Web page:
How to

13 June 2016

How Tibetan Monks Deal with the Extreme Cold of the Himalayas

People from elsewhere in the world go through rigorous training to conquer the harsh, punishing climate of the Himalayas, so it can be easy to forget that people do actually live there, and what’s more, they’ve lived the same simple, rustic lifestyle for centuries with no issue. I’m talking, of course, about Tibetan Buddhist monks.

Img source: dailysignal.com
Said monks spend most, if not all of their lives in temples high in the mountains. Though in recent years they’ve moved out to areas like Siberia and Tuva, let’s just focus on the Himalayans subset. Not only do they have to come with extreme cold, but also the kind of high altitude that would render most of us sick as dogs, dogs who ate an entire chocolate fudge cake. Just how can they survive this way? Buddhist magic?

Well, kind of, yeah. In a sense, they’re actually mutants. Don’t take that the wrong way, they don’t have extra limbs or a tendency to appear in Bryan Singer films, they have a particular genetic structure which represents the most potent instance of natural selection ever observed in human beings. Said gene controls red blood cell production, and it has developed to allow them a uniquely strong oxygen metabolism, which is good considering that there’s roughly 40% less of it on the Tibetan Plateau. The monks maintain the same red blood cell count regardless of altitude, whereas you or me would start producing more, leading to altitude sickness.

Of course, high altitude is only one part of the problem, there’s also the temperature. While the Himalayan region can get almost subtropical at lower altitudes, the alpine climate has an average temperature of about 0°C during the winter, and it can get as low as -10°C. Get even further up the mountains, where many of the monasteries are, and it’s even colder.

If you’ve ever seen how Tibetan monks dress, you’ll know that The North Face don’t see a lot of business from them. They won’t wear fur, as their religion strictly forbids any form of animal cruelty, and their dwellings aren’t typically availed of any overly sophisticated heating or insulation technology, so how do they keep warm? Well, believe it or not, they use meditation.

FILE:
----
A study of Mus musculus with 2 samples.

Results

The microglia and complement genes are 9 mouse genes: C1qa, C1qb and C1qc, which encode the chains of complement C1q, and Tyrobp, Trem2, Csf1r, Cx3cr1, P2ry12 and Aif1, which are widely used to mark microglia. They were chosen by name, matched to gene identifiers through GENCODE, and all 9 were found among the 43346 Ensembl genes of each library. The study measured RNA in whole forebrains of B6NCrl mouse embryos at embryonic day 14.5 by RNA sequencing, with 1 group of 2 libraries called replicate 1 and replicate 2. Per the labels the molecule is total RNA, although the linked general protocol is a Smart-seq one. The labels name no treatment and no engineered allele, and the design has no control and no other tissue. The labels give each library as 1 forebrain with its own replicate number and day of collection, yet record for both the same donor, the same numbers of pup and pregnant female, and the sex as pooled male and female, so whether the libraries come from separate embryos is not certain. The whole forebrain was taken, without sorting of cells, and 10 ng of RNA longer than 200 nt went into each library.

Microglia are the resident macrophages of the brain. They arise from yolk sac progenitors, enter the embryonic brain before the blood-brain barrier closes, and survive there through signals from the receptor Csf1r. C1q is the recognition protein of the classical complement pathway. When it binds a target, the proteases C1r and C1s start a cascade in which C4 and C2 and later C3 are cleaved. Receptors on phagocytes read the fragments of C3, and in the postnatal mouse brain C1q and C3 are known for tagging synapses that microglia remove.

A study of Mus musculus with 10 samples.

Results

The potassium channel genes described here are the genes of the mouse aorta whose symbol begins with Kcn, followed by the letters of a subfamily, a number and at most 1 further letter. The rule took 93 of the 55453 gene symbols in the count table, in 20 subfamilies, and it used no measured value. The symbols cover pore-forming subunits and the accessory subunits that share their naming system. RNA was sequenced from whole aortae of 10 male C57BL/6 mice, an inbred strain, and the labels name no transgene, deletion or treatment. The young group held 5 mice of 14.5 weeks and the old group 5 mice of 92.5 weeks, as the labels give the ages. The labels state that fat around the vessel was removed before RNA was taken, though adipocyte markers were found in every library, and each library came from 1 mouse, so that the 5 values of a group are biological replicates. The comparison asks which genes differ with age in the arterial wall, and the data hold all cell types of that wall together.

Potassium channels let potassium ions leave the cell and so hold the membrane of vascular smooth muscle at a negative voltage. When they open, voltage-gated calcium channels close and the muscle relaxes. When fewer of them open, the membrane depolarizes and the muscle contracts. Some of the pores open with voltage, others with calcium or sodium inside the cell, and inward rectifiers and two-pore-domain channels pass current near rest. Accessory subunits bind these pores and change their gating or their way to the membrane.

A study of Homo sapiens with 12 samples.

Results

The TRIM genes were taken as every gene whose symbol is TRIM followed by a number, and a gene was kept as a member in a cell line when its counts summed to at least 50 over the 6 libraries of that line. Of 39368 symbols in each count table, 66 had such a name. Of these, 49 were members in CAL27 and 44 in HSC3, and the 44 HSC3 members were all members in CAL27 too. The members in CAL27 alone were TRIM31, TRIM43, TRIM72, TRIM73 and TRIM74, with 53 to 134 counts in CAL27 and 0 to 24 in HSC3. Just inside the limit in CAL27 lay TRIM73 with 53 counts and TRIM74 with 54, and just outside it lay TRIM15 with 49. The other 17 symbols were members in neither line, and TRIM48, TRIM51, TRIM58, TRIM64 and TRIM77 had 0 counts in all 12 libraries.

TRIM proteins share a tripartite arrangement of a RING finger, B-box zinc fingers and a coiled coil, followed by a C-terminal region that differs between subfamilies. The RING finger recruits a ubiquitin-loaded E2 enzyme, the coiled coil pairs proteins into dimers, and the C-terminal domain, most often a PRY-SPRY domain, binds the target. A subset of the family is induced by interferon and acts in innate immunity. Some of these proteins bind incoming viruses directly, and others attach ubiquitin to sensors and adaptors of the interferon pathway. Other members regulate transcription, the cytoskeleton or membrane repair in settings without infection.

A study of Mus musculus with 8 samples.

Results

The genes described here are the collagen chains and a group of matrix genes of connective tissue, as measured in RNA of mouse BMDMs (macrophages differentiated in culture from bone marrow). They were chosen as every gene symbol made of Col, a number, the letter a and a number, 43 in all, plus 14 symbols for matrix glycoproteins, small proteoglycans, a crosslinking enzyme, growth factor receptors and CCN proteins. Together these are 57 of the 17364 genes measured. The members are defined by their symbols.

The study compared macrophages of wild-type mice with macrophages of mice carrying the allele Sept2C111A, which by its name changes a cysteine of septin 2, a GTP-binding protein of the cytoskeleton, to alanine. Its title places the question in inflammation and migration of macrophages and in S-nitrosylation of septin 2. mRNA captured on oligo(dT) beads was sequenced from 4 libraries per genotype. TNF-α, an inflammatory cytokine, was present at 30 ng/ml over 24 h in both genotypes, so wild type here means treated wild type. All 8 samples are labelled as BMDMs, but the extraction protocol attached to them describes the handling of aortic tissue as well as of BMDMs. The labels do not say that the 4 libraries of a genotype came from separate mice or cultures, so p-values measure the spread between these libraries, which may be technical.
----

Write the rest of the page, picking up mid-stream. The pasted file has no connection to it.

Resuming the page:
After a series of studies conducted with the help of the Dalai Lama in the late 70s and early 80s, it was found that many monks were able to raise their skin temperature by as much as 8.3 °C, whilst keeping their core temperature the same. Other studies have shown that they can actually increase their core temperature as well. This is primarily attributed to a particular meditation technique called Tummo, which involves visualising the human body as a hollow structure of light, and then using a combination of breathing controls methods to slow the heart rate.

This is so effective that monks have actually been documented sleeping on a rocky ledge at over 4,500 metres above sea level, apart from each other with no additional insulation beyond their robes. Allegedly, they didn’t even shiver, and we’re talking about temperatures in the region of -17 °C.

It is still not fully understood how they can do this, beyond the effectiveness of their meditation techniques, but what we do know is that during meditation, their brains show completely different blood flow activity, enabling certain regions to become more active, especially those that regulate blood pressure and metabolism. Some Indo-Tibetan monks in Sikkim were found to be able to lower their metabolism by 64%, and to put that into perspective, our metabolism only lowers by about 15% when we sleep.


These discoveries are so ground breaking that meditation is now being seriously considered as a useful practise for astronauts. Centuries of refinement have enabled monks to understand and regulate their bodies so efficiently that they can actually remain comfortable in conditions that should, by all rights, kill them.  


Callum Davies

Callum is a film school graduate who is now making a name for himself as a journalist and content writer. His vices include flat whites and 90s hip-hop.